A: That's one way, certainly.
Client: "I take it you showed me the first idea first because you'd confidently assumed that I wanted something boring and predictable? Well, you came up trumps with the boring and predictable all right: you clearly found it extremely easy. Practice, I imagine.
"That you should have so misjudged me makes me seriously question your ability to judge consumers.
"You then insulted me still further by presenting me with a derivative and irrelevant exercise in agency self-indulgence - presumably in the belief that I'd be so bludgeoned by the boring and predictable that you could sucker me into approving an idea that might conceivably get you an Almost Commended in a Puerto Rican film festival but wouldn't shift a can of soup in a year of famine.
"For the ninth and positively last time, let me make myself clear. Please do not try to work out what I want. I do not know what I want. If I knew what I wanted, I wouldn't have to waste my time in meetings with idiots. All I want is for you to do what you promised to do when I appointed you - against, you should know, the unanimous advice of the rest of my board.
"I want you to present me with just one idea that captures and enhances the nature of my brand and propels it into the hearts and kitchens of another seven million people. When I see that, I shall want it. I suggest we meet again next Tuesday. At 9am."
Q: Dear Jeremy, what is an "obesogenic" environment?
A: Obesogenic means that what makes you fat. (Obese+ogenic as in carcinogenic - geddit?) Like eating too much and drinking too much and walking too little.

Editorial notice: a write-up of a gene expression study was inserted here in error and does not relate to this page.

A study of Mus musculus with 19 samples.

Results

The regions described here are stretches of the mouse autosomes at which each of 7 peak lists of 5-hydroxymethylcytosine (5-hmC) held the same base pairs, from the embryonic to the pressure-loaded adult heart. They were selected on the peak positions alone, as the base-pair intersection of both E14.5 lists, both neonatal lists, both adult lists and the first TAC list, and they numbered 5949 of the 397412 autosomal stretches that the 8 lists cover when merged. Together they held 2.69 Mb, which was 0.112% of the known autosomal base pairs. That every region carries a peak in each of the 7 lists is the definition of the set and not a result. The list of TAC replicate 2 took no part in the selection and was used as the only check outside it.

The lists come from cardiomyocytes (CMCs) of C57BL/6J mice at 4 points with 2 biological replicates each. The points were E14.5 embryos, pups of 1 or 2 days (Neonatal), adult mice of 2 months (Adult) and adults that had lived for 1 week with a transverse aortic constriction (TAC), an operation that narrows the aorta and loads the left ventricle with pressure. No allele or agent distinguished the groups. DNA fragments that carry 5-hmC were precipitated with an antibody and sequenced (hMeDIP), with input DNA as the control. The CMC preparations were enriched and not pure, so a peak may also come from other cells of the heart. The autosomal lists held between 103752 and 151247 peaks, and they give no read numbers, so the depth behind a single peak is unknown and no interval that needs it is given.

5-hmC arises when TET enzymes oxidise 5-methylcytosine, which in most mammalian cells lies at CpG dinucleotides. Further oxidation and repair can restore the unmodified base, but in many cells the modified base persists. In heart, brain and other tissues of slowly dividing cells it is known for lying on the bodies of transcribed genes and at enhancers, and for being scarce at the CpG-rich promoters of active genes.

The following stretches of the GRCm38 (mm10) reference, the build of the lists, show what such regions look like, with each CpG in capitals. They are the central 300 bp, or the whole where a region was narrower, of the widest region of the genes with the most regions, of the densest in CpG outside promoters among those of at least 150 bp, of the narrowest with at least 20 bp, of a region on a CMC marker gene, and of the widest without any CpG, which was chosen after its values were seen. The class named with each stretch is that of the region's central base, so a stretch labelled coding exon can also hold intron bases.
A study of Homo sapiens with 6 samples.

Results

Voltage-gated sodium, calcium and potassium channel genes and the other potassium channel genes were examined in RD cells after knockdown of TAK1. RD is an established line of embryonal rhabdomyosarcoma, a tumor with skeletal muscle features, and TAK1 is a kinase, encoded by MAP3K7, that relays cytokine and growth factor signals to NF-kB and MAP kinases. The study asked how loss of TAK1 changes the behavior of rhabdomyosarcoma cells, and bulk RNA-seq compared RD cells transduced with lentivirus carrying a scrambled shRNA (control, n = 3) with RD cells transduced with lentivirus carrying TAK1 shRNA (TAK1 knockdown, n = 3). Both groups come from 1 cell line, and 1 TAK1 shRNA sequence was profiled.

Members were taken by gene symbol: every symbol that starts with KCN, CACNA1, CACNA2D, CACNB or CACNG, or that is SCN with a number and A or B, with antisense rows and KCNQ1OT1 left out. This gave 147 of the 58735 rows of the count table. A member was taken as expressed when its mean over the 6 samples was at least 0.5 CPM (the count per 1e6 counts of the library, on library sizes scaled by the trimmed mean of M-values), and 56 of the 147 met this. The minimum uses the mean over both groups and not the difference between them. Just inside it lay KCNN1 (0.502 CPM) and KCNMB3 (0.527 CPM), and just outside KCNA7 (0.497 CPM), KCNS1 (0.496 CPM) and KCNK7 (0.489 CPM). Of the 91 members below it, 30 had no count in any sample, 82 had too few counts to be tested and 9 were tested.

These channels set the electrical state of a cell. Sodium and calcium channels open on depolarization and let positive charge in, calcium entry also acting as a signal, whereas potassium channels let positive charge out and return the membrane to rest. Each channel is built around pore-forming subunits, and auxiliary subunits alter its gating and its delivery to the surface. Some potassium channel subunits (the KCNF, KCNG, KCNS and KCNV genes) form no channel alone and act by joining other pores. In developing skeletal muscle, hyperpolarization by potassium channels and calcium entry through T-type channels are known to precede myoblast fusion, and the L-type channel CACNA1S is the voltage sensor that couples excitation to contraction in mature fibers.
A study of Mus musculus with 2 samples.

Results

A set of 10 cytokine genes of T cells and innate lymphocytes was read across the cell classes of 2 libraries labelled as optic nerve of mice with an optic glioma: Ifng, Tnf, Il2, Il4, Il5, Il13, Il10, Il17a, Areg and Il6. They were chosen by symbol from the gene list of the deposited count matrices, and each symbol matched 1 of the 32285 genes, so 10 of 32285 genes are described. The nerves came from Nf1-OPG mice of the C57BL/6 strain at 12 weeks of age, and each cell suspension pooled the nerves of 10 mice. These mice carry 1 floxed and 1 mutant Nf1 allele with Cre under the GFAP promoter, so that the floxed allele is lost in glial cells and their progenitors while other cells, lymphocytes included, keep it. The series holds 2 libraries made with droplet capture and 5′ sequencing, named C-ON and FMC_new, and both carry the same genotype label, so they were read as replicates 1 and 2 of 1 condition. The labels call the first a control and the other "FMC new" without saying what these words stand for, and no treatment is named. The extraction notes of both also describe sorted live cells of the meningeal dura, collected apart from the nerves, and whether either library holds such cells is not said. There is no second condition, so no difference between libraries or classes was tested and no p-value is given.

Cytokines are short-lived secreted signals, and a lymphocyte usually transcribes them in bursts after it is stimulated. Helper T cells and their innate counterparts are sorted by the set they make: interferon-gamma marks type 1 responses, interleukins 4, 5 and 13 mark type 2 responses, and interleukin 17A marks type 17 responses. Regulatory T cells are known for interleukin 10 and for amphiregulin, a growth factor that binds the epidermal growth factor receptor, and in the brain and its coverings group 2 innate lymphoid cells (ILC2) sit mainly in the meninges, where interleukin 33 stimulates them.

It's a fancy word, reasonably new and, like a lot of fancy new words, is designed to help us shift the blame for our own paltry failings on to some amorphous body outside our control.
Its conjunction with the word environment is the giveaway.
This is what Mrs Thatcher was getting at when she didn't actually say that there was no such thing as society. And what Stephen Sondheim was getting at when he wrote Gee, Officer Krupke in West Side Story.
"My father is a bastard,
My ma's an S.O.B.
My grandpa's always plastered,
My grandma pushes tea.
My sister wears a mustache,
My brother wears a dress.
Goodness gracious, that's why I'm a mess!"
A-RAB (As Psychiatrist): "Yes!
Officer Krupke, you're really a slob.
This boy don't need a doctor, just a good honest job.
Society's played him a terrible trick,
And sociologic'ly he's sick!"
It's now universally recognised that our intensely obesogenic environment can be attributed entirely to ads.
If all ads for food and drink were banned, everybody would become slim and lovely almost immediately.
Q: Recently, a client decided to go 'crowd-sourcing' and the winners turned out to be professionals. I thought the whole idea was to get ordinary people to create the ads, so what went wrong?
A: If you get the stuff you want, who cares where it comes from?
It seems to have gone unnoticed that crowd-sourcing was invented by Terry Wogan. For 60 or 70 years, give or take a decade, he never wrote a script himself. Nor did the BBC have to provide him with a scriptwriter.
Wogan relied entirely on LGC - or Listener Generated Content as he wisely didn't call it.
For several hundred thousand hours of broadcasting, he simply read out the e-mails his audience had sent him. He got the stuff he wanted.
When it comes to ideas, the difference between ordinary people and professionals comes down to money. Ordinary people are content that their ideas be aired.
Professionals prefer something a little more concrete.
There's no discernible distinction in quality. The only argument for commissioning professionals is that their strike rate is 1,000 times higher.
But if you've got 100,000 ordinary people working away for nothing, that doesn't matter very much, does it?
- "Ask Jeremy", a collection of Jeremy Bullmore's Campaign columns, is available from Haymarket, priced £10. Telephone (020) 8267 4919.
Jeremy Bullmore welcomes questions via firstname.lastname@example.org or Campaign, 174 Hammersmith Rd, London W6 7JP.